James Shield’s Sheffield United Column: Forget the fancy theories and so-called experts, this team’s ‘secret’ is simplicity
If, and despite the hype it remains an 'if', Sheffield United do secure automatic promotion to the Premier League then expect large sections of the media to suddenly discover Chris Wilder and his team.
For the majority of the past eight months, Leeds and Marcelo Bielsa in particular have the subject of their affections. Inevitably so to some extent, given the Argentine's curriculum vitae and army of devotees including Mauricio Pochettino and Pep Guardiola. But, as I wrote a couple of weeks ago, many commentators have allowed their obsession with the former Athletic Bilbao and Chile coach to distract them from the fact that something equally special is happening at Bramall Lane. A transformation which, you could argue, is more meaningful to the vast majority of those who follow, take part and play the game than the one Bielsa is overseeing 40 or so miles to the north.
Why? Because it is being driven by processes and decisions even those involved at grassroots level can implement or make.
Plenty has been written, in these parts at least, about the budgetary constraints Wilder has been working under. It is something which, from personal experience, yours truly can confirm does not always go down well with those holding the purse strings. But even though they have been loosened of late, most notably when handing new long term contracts to a number of influential players, it is simply a fact that the 51-year-old and his staff do not have access to the same financial resources as their many of their counterparts elsewhere in the division.
Yet as the Championship rankings confirm - United enter Saturday's home fixture against Ipswich Town three points clear of Bielsa's third placed side with two matches remaining - this imbalance has not proven to be an insurmountable obstacle in the pursuit of top-flight status.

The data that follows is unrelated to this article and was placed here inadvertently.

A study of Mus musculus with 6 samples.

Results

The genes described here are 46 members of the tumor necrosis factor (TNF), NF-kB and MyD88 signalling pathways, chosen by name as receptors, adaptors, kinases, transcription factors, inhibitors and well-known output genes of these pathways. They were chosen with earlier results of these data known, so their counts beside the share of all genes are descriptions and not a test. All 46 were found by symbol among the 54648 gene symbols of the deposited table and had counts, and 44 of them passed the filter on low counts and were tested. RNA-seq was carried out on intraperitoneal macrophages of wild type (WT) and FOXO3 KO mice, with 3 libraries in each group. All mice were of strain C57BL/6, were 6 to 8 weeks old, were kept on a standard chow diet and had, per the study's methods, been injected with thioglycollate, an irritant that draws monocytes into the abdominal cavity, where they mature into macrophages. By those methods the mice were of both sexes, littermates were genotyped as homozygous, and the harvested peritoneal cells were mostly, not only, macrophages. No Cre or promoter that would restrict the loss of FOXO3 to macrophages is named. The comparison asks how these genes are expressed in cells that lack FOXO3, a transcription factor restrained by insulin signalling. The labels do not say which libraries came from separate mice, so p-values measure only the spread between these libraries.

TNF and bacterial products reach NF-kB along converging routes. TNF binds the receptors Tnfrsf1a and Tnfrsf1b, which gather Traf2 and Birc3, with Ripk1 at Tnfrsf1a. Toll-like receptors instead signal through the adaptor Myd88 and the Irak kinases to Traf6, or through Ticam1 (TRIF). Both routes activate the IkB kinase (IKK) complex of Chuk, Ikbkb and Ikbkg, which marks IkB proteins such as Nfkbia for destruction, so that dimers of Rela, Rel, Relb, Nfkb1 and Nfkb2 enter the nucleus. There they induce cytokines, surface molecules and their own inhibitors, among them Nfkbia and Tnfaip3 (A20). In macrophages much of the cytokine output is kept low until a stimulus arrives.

The reason, although no doubt others will use poetic language and complex theories to try and pretend otherwise, is because they have not allowed sport to be hijacked by science. Yes, statistics and technology have been embraced by Wilder's coaches and head of recruitment Paul Mitchell. But they still recognise, despite using them to their advantage, that the game is essentially about human-beings. People, their moods and personalities, exert greater influence over what happens on the pitch than a computer generated spreadsheet.
United's climb to second in the table can be explained very simply. Their squad is full of talented individuals with good attitudes and characters, selected because they have to potential to blossom in a specific tactical framework. Wilder and his assistants work those under their command hard. They coach them methodically and demand plenty. But in return, United's players are also encouraged to enjoy and express themselves. Both on and off the pitch. That, barring one or two false steps, has allowed them to maximise their potential and cope with the psychological and physical pressures associated with trying to complete what would be a life-changing feat.
Sunday League managers can do the same. Because the process relies on personality, not pound notes. And that, the lack of grandeur, makes it more meaningful and special.